A lockdown horticulture lesson here from Sarah Horton on the small wonders in our yards and pavements most of us probably never even notice. The tiny plants I’ve only called ‘weeds’ in the headline to get your attention. In fact, as you’ll hear from Sarah they’re not mere weeds for the clearing but complex and precious examples of life on earth.
One of the things we’ve all had to adjust to in the pandemic is the restrictions in our daily lives and on where we can go. So we’ve all spent a lot more time in our homes, and if we have one, our gardens.
Our garden isn’t really a garden at all but a small backyard, which is much loved. In fact, so loved we’ve realised during the lockdown that we don’t want to leave it and move to a flat overlooking Sefton Park, because that wouldn’t have our own outdoor space like this. The little yard is precious.
But the yard was never going to be big enough to satisfy my horticultural desires, so I got an allotment for that twenty years ago, another much loved piece of land which has featured in our pandemic stories of our lives. So our yard is a sitting space, an extension of our home rather than ‘a garden’. But out here even what we would have called ‘weeds’ are now in fact essential studies for me. For example, on my Identiplant course we’ve already done the cabbage family. Plenty of those grow in cracks on pavements and walls, and so we found all the species I needed on the walk around where we live in Home Life Week 1. We’re now doing the campion family and I’ve realised the ‘moss-like weed in the cracks’ in our yard is actually Sagina procumbens, or Procumbent Pearlwort, a member of the campion family.
Pearlwort is known as ‘a common weed’, meaning a successful plant. It is found throughout the Northern Hemisphere and in parts of South America. It is now growing on Gough Island in the South Atlantic where it has probably been introduced from visitors’ footwear… so a very successful plant! I’ve also done a very interesting webinar this week about ‘Polar Plants’ and Antarctic Pearlwort (Colobanthus quitensis) is one of only two native flowering plants in Antarctica. Since doing the Identiplant course and opening my eyes to finding wildflowers wherever I can, I’ve come to appreciate them, and also to notice more than the plants I am studying. So whilst looking for Pearlwort in our yard, I’ve also come across several colonies of these liverworts. Identifying this species as Marchantia polymorpha, although I am not an expert.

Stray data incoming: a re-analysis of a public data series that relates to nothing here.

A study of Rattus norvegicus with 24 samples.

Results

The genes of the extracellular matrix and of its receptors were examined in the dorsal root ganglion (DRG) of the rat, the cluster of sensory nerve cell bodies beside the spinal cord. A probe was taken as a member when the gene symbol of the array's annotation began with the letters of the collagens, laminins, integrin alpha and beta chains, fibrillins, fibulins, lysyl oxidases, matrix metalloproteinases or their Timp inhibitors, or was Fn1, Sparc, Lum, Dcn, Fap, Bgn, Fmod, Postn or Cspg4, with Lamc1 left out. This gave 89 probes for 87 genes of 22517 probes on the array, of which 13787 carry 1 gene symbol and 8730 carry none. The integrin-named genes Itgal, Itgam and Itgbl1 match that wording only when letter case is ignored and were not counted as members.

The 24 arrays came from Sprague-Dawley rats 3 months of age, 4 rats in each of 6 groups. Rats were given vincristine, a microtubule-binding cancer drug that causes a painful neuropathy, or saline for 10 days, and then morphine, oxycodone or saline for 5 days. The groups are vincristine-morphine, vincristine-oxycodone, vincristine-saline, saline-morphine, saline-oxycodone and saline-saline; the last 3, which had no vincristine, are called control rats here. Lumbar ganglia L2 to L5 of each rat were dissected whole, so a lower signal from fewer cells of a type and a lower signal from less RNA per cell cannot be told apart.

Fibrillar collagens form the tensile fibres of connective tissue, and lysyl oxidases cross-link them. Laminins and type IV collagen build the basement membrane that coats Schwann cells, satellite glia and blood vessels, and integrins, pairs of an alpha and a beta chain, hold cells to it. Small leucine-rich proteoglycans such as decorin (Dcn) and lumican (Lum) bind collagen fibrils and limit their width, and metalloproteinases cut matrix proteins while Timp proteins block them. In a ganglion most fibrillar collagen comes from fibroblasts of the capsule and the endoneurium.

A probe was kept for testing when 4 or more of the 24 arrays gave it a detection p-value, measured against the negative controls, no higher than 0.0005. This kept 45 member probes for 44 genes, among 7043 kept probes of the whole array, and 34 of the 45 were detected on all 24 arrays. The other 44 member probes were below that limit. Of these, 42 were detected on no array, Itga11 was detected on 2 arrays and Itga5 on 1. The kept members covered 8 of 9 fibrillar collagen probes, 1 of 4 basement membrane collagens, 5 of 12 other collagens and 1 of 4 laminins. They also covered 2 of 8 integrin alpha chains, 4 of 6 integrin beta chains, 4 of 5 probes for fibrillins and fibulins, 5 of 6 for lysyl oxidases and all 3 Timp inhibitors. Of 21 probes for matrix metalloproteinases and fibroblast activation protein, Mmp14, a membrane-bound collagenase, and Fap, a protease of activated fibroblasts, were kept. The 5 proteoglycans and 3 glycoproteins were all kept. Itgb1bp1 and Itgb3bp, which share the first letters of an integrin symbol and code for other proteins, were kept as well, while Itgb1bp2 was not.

A liverwort is a non-vascular plant, known as a bryophyte, like mosses. Vascular plants have tissues that can move water and nutrients around the plant, but non-vascular plants are limited in size by poor transport methods for water, gases and other compounds. So, they are considered ‘primitive’, although I find the term to be unfitting given the complexity of their lifecycle. In the ’thallus’ seen here, the leafy base of the plant is several cells thick. The upper side is green and photosynthesises, and the underside has hair-like cells called rhizoids that absorb water and anchor the liverwort to the ground (so it does not have roots). They prefer moist habitats and reproduce via spores, rather than flowers and seeds.The umbrella-like structures seen here are ‘archegoniophores’, the female organ, which will be fertilised by sperm from a male organ. This develops into a sporophyte which produces spores which grow into a male or female thallus, and then the process begins again. The plant can also reproduce vegetatively as well. The spores it produces are coated with sporopollenin – this is one of the hardest known substances and prevents the spores drying out until the right conditions are found to begin reproducing. A researcher as Sheffield University has discovered spores which are 470 million years old. Which suggests that some of the earliest land plants were probably related to this liverwort. And that is truly amazing!
“For everything that lives is holy, life delights in life”William Blake
It’s quite wonderful to think all this life on earth has been going on in our back yard for over 25 years, and I’ve never noticed it all before!